Structural equation modeling and factor analysis might be difficult concepts to grasp for most people outside the world of statistics, but one thing should be crystal clear: Professor Ke-Hai Yuan’s groundbreaking work in these areas is a driving force behind the nationally recognized success of the quantitative psychology program in Notre Dame’s College of Arts and Letters.
“Ke-Hai is one of the most brilliant statisticians in a generation, and one of the most productive,” says Dan Lapsley, professor and chair of the Department of Psychology. “What is astonishing is the range of topics where he has made a difference. I can’t think of single topic in quantitative psychology that has not benefitted from Ke-Hai’s scholarship.”
Yuan has published more than 100 papers in the most prestigious journals in the field (including 10 in the esteemed Psychometrika jornal — more than any other scholar), and routinely contributes more than 15 articles a year.
“Very rarely can you find someone who publishes so extensively,” says Alison Cheng, an assistant psychology professor at Notre Dame. “One of his distinct contributions is on the development of original methodology without making unrealistic assumptions about the distribution of real data.”
Yuan’s innovative methodologies help scientists make more accurate conclusions from data such as surveys, tests, and questionnaires, according to Peter Bentler, distinguished professor of psychology and statistics at the University of California, Los Angeles.
Bentler explains: “A scientist who thinks up the problem may design the study and gather the data; the person who analyzes the data is often an applied statistician. When the applied statistician runs into a difficult problem, he turns to a theoretical statistician to come up with a more justifiable or accurate mathematical approach. Ke-Hai is such a theoretical statistician, and being in psychology, he is concerned especially with the type of data psychologists, educators, and other social scientists might gather.
“The main import of Ke-Hai’s work is that he can provide methods to deal with important but complicated questions in situations where standard methods may break down.”
In fact, Yuan’s contributions often open up new possibilities for fellow researchers to investigate, says Notre Dame colleague Scott Maxwell, Matthew A. Fitzsimons Professor of Psychology.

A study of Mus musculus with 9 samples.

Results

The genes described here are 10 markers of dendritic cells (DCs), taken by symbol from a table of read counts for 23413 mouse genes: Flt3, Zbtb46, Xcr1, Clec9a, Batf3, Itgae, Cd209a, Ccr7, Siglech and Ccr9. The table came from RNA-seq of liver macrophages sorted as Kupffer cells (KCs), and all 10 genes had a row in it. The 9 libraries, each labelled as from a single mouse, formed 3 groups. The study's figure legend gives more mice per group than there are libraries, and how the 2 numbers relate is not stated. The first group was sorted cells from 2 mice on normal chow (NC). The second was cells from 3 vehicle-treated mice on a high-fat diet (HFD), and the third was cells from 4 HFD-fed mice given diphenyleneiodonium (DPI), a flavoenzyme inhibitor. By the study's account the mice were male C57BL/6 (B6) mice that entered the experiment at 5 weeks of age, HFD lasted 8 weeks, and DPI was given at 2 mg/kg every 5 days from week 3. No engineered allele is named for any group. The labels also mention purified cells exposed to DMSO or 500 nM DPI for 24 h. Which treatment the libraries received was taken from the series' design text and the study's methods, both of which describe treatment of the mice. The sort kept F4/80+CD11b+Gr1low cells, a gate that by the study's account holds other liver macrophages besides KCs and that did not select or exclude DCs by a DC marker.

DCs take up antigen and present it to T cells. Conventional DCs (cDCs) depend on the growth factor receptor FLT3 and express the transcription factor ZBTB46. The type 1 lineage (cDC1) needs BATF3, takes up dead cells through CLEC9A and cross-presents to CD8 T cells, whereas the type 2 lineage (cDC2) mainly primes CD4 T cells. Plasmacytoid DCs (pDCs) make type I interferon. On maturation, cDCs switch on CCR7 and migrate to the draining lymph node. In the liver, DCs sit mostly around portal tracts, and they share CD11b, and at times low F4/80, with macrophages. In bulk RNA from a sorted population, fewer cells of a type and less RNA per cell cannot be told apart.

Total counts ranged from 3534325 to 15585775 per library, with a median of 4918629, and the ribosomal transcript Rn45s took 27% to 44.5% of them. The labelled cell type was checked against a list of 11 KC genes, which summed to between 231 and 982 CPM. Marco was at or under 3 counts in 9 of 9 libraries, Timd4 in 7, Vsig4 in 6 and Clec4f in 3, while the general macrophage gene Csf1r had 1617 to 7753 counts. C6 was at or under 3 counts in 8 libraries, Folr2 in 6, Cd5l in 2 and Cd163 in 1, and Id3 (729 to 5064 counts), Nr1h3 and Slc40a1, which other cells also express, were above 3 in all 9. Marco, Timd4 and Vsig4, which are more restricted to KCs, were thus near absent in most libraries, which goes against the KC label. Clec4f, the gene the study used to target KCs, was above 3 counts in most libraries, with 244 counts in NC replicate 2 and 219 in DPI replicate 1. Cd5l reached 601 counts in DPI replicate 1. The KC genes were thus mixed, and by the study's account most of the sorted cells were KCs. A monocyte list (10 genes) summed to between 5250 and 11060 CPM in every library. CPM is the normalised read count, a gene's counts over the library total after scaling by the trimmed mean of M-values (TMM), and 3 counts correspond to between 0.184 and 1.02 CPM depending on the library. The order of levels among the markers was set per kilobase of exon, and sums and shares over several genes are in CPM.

“Some people mistakenly think that statistics is about nothing more than how to analyze the data, but in reality methodology is also a driving force in affecting the types of questions psychologists study,” he says. “Innovative methodological advances allow clinical, cognitive, and developmental psychologists to ask new questions that otherwise might not have occurred to them. Or even if the questions occurred to them, they might have had no way to answer them.”
Variety of Fields
Yuan’s work impacts multiple areas that concern researchers such as missing data, statistical theory of sampling error, item response theory, and latent variable methods, including factor analysis and structural equation modeling.
With sampling error, for example, Yuan’s methods are used to address a number of common challenges, including various quantities that require estimation, variables that may have large errors of measurement, and irrelevant influences that may need to be controlled, Bentler says.
In the field of item response theory, Yuan’s work supports the movement towards computerized adaptive testing in which an individual’s response to one question largely determines the next question. Yuan’s methods are designed to improve the accuracy of the testing.
In summary, all of Yuan’s work has at least three characteristics, Bentler says.
“First, it impacts a wide variety of fields requiring different mathematical methods; second, it combines very careful analysis and proof along with computer simulations to verify that his methods actually work in practice as they should; and third, his methods are typically applied to large data sets with many variables and many responses that may have complex structures, may involve hypotheses about a variety of unmeasured constructs, and may have anomalies that provide a challenge for correct analysis.”
In addition to his field-expanding research, Yuan’s willingness to collaborate with others in the quantitative psychology program, including junior faculty, is equally noteworthy, Lapsley, Cheng, and Maxwell agree.
“What I most appreciate about him is his generosity as a colleague,” Lapsley says. “One would think that approaching someone of his stature would be intimidating to doctoral students or faculty alike. Yet he is extraordinarily helpful and encouraging to everyone in the department. Our collective research is better, more sophisticated and better understood when Ke-Hai weighs in to help with design, method, and especially analysis.”
Yuan says that he, in turn, appreciates the support of the department.
“It is a joy to witness the development of the program,” he says. “The welcoming and collegial atmosphere makes Haggar Hall a pleasant place to work. The whole department is like a big family, and I can get good advice from colleagues on either academic or personal matters.”
Notre Dame’s Department of Psychology is a leading program because it has many strong and nationally visible senior faculty, and younger faculty who are beginning to make their mark, Lapsley says.
“But Ke-Hai has set the pace. He redeems our ambition to be a top-ranked psychology department, and makes possible Notre Dame’s ambition for excellence in scholarship and graduate education.”